It is common for different entities to have input into prosecution, as where a licensee has input into prosecution of pending applications. In such circumstances, the parties likely can assert a “common interest” privilege so that third parties cannot access their communications. However, courts continue to conflate the existence of a common interest with implied joint attorney client relationships.
In the most recent example (others are in our book), DePuy Orthopaedics, Inc. (“DePuy”) entered into a research agreement with Orthopaedic Hospital (“OH”). OH would develop products and DePuy would pay a royalty if any were commercialized. Some patent applications were filed. OH later contended that DePuy had developed products that required it pay OH a royalty; DePuy refused, and OH brought a declaratory judgment. See DePuy Orthopaedics, Inc. v. Orthopaedic Hosp., 2016 WL 7030400 (Dec. 1, 2016).
In the course of the lawsuit, OH moved to compel all documents from DePuy related to prosecution of the patent applications. DePuy refused to provide the documents. In doing so, it conceded that the parties shared a common interest with respect to the patent applications, but contended that DePuy’s in-house attorney did not jointly represent both OH and DePuy when doing so.
The court held that as a matter of law DePuy’s in-house lawyer represented both it and OH. In doing so, it applied the test for determining whether a lawyer represents a client. Thus, because the lawyer jointly represented both OH and DePuy, nothing was privileged between them in this dispute.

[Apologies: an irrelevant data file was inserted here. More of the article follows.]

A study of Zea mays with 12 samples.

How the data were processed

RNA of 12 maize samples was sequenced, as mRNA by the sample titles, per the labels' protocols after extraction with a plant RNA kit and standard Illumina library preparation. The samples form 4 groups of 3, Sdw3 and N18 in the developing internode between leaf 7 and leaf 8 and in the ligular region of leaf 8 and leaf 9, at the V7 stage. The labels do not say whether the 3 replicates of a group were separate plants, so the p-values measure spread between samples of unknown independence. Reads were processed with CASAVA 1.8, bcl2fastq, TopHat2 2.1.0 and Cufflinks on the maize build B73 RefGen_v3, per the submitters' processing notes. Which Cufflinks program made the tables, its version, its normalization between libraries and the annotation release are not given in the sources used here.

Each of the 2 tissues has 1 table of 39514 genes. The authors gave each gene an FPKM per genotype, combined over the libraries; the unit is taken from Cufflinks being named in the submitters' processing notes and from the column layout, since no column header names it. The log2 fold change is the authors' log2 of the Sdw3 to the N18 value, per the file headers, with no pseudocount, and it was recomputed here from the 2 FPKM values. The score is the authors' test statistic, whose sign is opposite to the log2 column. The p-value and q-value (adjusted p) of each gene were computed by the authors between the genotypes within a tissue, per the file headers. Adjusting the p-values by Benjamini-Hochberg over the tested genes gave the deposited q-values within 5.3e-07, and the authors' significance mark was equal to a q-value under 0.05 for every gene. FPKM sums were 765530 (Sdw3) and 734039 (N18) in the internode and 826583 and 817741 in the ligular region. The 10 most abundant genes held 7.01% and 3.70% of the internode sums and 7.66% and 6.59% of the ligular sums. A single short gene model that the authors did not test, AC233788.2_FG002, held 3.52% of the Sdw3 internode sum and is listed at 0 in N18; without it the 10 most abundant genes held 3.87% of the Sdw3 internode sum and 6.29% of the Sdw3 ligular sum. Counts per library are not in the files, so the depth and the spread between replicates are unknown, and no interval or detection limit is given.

As I’ve written, this is legally incorrect. The issue isn’t whether DePuy’s in-house lawyer represented one client, but whether she represented two. When that is the issue, courts that appropriately analyze this issue recognize that a different analysis is required. For example, implying a joint-client relationship can create conflicts of interest. Further still, with respect to in-house counsel, this could create the unauthorized practice of law (for example, if she were not licensed in the state where the activities occurred, but registered by the state, and the “representation” went beyond that necessary to practice before the USPTO. It could also result in liability by in-house counsel to third parties, and in-house counsel typically don’t have malpractice insurance.
This same fact pattern has bitten several outside firms and in-house counsel before. Any time a lawyer is prosecuting patents where there is some agreement where a “non-client” has input — a joint venture agreement, a license, a joint development agreement — the lawyer should be extremely careful to ensure that the “non-client” knows it is not a client.